Title: “Think Again: The Power of Knowing What You Don’t Know”
Author: Adam Grant
Being able to think well is important, but Adam Grant’s book “Think Again: The Power of Knowing What You Don’t Know” highlights maybe even more important skills: rethinking and unlearning. Everyone has habitual patterns of thinking, conditioned responses, and identities based on what they think they know. But in a quickly changing world, personal happiness and business success can depend on a willingness to re-evaluate even long-held beliefs.
Grant, an organizational psychologist at the Wharton School of the University of Pennsylvania, draws on numerous research studies to show why it’s important to actively challenge your existing ideas and beliefs. He also suggests ways you can challenge your own and others’ ideas productively. As Grant puts it: “Thinking again can help you generate new solutions to old problems and revisit old solutions to new problems. It’s a path to learning more from the people around you and living with fewer regrets.”
– Think like a scientist for success. This theme resonated with my personal interests in science, data, and AI. Grant advocates for operating in “scientist mode”: actively searching for truth by running experiments that test our hypotheses about the world. One interesting study Grant cites is about a project that trained startup founders in scientific decision-making. The founders were encouraged to think about each decision as a hypothesis that could be tested. A control group of startups whose founders didn’t receive the training generated an average of $300 in revenue over the following year, while the companies of the founders who received the training produced $12,000. The trained founders made adjustments more quickly and flexibly based on data about their first efforts. They rethought their ideas and adapted.
– Seek out people who challenge your thinking. Grant points out that as leaders rise, they may, like politicians, select supporters as their closest allies: “As they gain power, they tune out boat-rockers and listen to bootlickers.” But people who challenge your thinking will strengthen your decision-making and generate greater innovation. Grant recommends building a “challenge network” of trustworthy people who will speak up when they feel you should rethink things.
– “Confident humility” supports innovation and learning. Grant describes the “sweet spot” between arrogance and imposter syndrome as “confident humility,” where someone is confident about having some knowledge but is also humble enough to reconsider ideas as new data arises. Grant talks about leaders who successfully “normalized vulnerability” by sharing times they had to re-evaluate their own thinking. Leaders’ openness about rethinking supports an organizational “learning culture,” emphasizing growth and innovation, rather than reinforcing a “performance culture” that solely values execution.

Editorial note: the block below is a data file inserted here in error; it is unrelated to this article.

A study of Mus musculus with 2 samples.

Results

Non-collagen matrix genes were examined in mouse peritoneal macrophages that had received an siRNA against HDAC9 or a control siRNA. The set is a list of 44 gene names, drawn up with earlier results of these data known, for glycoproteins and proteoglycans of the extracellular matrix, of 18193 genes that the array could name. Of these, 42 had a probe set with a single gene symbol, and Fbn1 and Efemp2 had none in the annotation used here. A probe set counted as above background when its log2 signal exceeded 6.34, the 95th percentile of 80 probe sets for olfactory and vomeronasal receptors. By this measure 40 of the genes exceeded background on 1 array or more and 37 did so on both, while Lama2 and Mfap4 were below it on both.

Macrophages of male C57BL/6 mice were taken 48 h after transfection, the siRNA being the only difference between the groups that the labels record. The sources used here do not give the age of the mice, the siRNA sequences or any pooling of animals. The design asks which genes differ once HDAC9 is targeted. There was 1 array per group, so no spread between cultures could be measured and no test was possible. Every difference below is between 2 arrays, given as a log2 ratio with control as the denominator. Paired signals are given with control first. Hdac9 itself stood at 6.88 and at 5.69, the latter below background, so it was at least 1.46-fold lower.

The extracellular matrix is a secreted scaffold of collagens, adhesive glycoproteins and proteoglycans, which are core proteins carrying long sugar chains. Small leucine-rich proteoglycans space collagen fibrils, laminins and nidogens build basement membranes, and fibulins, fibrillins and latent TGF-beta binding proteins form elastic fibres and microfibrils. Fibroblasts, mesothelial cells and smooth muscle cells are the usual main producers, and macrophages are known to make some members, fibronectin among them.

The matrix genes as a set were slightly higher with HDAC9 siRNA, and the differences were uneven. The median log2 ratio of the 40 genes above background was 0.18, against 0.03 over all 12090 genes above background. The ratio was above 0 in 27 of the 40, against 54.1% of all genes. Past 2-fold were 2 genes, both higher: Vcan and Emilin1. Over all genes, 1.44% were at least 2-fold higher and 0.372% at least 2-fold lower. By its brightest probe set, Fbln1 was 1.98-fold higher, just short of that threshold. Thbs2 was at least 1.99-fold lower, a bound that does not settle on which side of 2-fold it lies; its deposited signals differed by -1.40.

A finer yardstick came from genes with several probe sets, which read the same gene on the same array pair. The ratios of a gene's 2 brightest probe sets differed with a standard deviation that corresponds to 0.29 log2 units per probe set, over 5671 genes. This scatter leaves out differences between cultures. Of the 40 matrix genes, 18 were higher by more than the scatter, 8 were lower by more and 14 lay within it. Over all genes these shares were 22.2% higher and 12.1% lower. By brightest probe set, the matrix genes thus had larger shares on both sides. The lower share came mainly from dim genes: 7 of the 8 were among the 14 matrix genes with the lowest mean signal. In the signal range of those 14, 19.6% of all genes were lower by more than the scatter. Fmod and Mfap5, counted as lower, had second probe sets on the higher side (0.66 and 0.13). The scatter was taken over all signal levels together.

What I’ve Learned:
As someone who trained in scientific ways of thinking, I applaud Grant’s effort to spread this mindset. A willingness to be flexible and to change strategies based on new information is critical to business success and personal growth. His specific research examples really bring home the significance of this approach to decision-making.
The sections of the book addressing politics, education, and the workplace all address topics one would expect, but the section on what Grant calls “Identity Foreclosure” offers an intriguing way of considering one’s personal and work choices. Essentially, he recommends an even deeper form of rethinking — applying a scientific approach to one’s sense of personal identity and career journey. Grant suggests that our identities and work can also be subjects of experimentation, data gathering, and continuous improvement: “Rethinking liberates us to do more than update our knowledge and opinions — it’s a tool for leading a more fulfilling life.”
Grant doesn’t really offer brand-new insights in this book, and on the surface, the overall idea of rethinking one’s beliefs seems pretty obvious; of course, that’s something people should do. However, Grant pulls together the research in a convincing, convenient package that’s enjoyable to read.
Additionally, Grant sometimes seems to forget (or mentions only in footnotes) that for some people, it’s more difficult to question their own ideas or others’ ideas, especially in the professional world. For example, Grant says in a footnote that when men make self-deprecating comments in the workplace, others view them as “more capable leaders,” but women doing the same are viewed less favorably. In the workplace, it’s unfortunately the case that not all employees may feel they are equally able to express critical thoughts. Grant might have offered some strategies leaders could use to support all their employees in doing so.
Finally, in terms of style, the book moves very quickly through a huge number of research studies, tying them into Grant’s overall argument. Though it’s short, this book might be best digested in smaller pieces to internalize it effectively. The epilogue, “Actions for Impact,” is an efficient, practical refresher of the book’s major suggestions.
Who Should Read This Book:
This book is applicable for pretty much anyone, but it may be particularly relevant for those who are leading new businesses or new initiatives that would especially benefit from a data-driven approach to decision making and experimentation.
This book is also a useful guide for anyone who needs to persuade someone else to rethink their existing beliefs, whether in business (e.g., sales) or in any of life’s dilemmas.